Mountaineering was practiced in the Ampezzo valley from as early as the second half of the 19th century. Paul Grohmann, of Viennese origin, was one of the pioneers of mountaineering in the Dolomites. When he saw these mountains for the first time, from the peak of Grossglockner, Austria’s highest peak, he was enchanted, and decided that he would explore and climb them. In August 1863, he and Ampezzo guide Francesco Lacedelli, also known as Chéco da Melères, climbed the highest peak in the Ampezzo valley – Tofana di Mezzo, 3,244 metres – initiating the age of Ampezzo mountaineering. In 1873 he was made an honorary citizen of Cortina d’Ampezzo.
Paul Grohmann attained worldwide fame, and, with his book Wanderungen in den Dolomiten published in 1877, he helped to popularise the beauty of these areas, making the location famous throughout the whole of Northern Europe.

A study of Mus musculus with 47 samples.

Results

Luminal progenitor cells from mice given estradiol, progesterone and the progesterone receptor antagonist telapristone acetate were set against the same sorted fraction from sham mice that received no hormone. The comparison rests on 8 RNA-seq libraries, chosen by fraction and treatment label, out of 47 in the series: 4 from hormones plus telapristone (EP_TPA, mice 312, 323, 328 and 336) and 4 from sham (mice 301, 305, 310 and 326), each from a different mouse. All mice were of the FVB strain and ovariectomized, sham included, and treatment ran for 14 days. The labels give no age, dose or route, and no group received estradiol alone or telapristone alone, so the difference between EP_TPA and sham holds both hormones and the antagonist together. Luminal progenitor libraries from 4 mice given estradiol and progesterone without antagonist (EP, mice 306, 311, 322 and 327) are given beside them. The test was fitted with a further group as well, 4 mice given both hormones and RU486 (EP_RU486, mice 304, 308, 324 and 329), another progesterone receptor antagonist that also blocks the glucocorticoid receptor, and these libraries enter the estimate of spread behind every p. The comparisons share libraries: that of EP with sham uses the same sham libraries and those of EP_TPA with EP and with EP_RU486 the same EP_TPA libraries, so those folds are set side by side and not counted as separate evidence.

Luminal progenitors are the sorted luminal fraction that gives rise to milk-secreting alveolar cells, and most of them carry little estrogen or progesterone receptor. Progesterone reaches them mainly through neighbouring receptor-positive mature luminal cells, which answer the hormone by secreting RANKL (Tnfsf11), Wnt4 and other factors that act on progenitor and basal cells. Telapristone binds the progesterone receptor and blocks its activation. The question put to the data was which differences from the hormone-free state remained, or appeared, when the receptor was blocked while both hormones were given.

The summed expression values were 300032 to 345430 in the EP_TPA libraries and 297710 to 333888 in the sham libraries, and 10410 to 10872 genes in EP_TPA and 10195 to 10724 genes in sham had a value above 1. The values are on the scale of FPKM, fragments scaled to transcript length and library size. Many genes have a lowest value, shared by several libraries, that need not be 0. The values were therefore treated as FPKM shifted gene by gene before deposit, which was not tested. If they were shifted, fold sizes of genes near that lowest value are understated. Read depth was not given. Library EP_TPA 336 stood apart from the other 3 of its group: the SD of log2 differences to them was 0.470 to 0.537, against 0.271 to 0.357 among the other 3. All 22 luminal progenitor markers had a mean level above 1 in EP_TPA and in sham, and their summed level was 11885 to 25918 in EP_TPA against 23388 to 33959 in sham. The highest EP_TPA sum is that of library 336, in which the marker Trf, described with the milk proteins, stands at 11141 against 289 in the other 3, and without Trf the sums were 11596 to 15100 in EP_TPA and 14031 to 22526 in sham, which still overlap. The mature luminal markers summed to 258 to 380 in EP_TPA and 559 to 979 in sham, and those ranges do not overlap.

The first hotels and the railway were built, and a new profession became available for people who loved the mountains and had detailed knowledge of them: Mountain Guide. In 1871, Cortina d’Ampezzo, the Queen of the Dolomites, already had 9 officialMountain Guides.
Mountain Guides were given official recognition by an 1871 Ministerial Law with the so-called “authorisation licence” for service as a Mountain Guide, which had to be validated by the District Captain every year. This was a document that authorised the guides to perform their role. Their customers could record the hikes that they had performed with the guides, adding their own assessment, on the licence itself.
In 1882, an official badge for Mountain Guides was introduced: the Central Board of the Alpenverein (Alpine Club) in Vienna gave all Mountain Guides the badge so that they could be distinguished from those who worked without authorisation.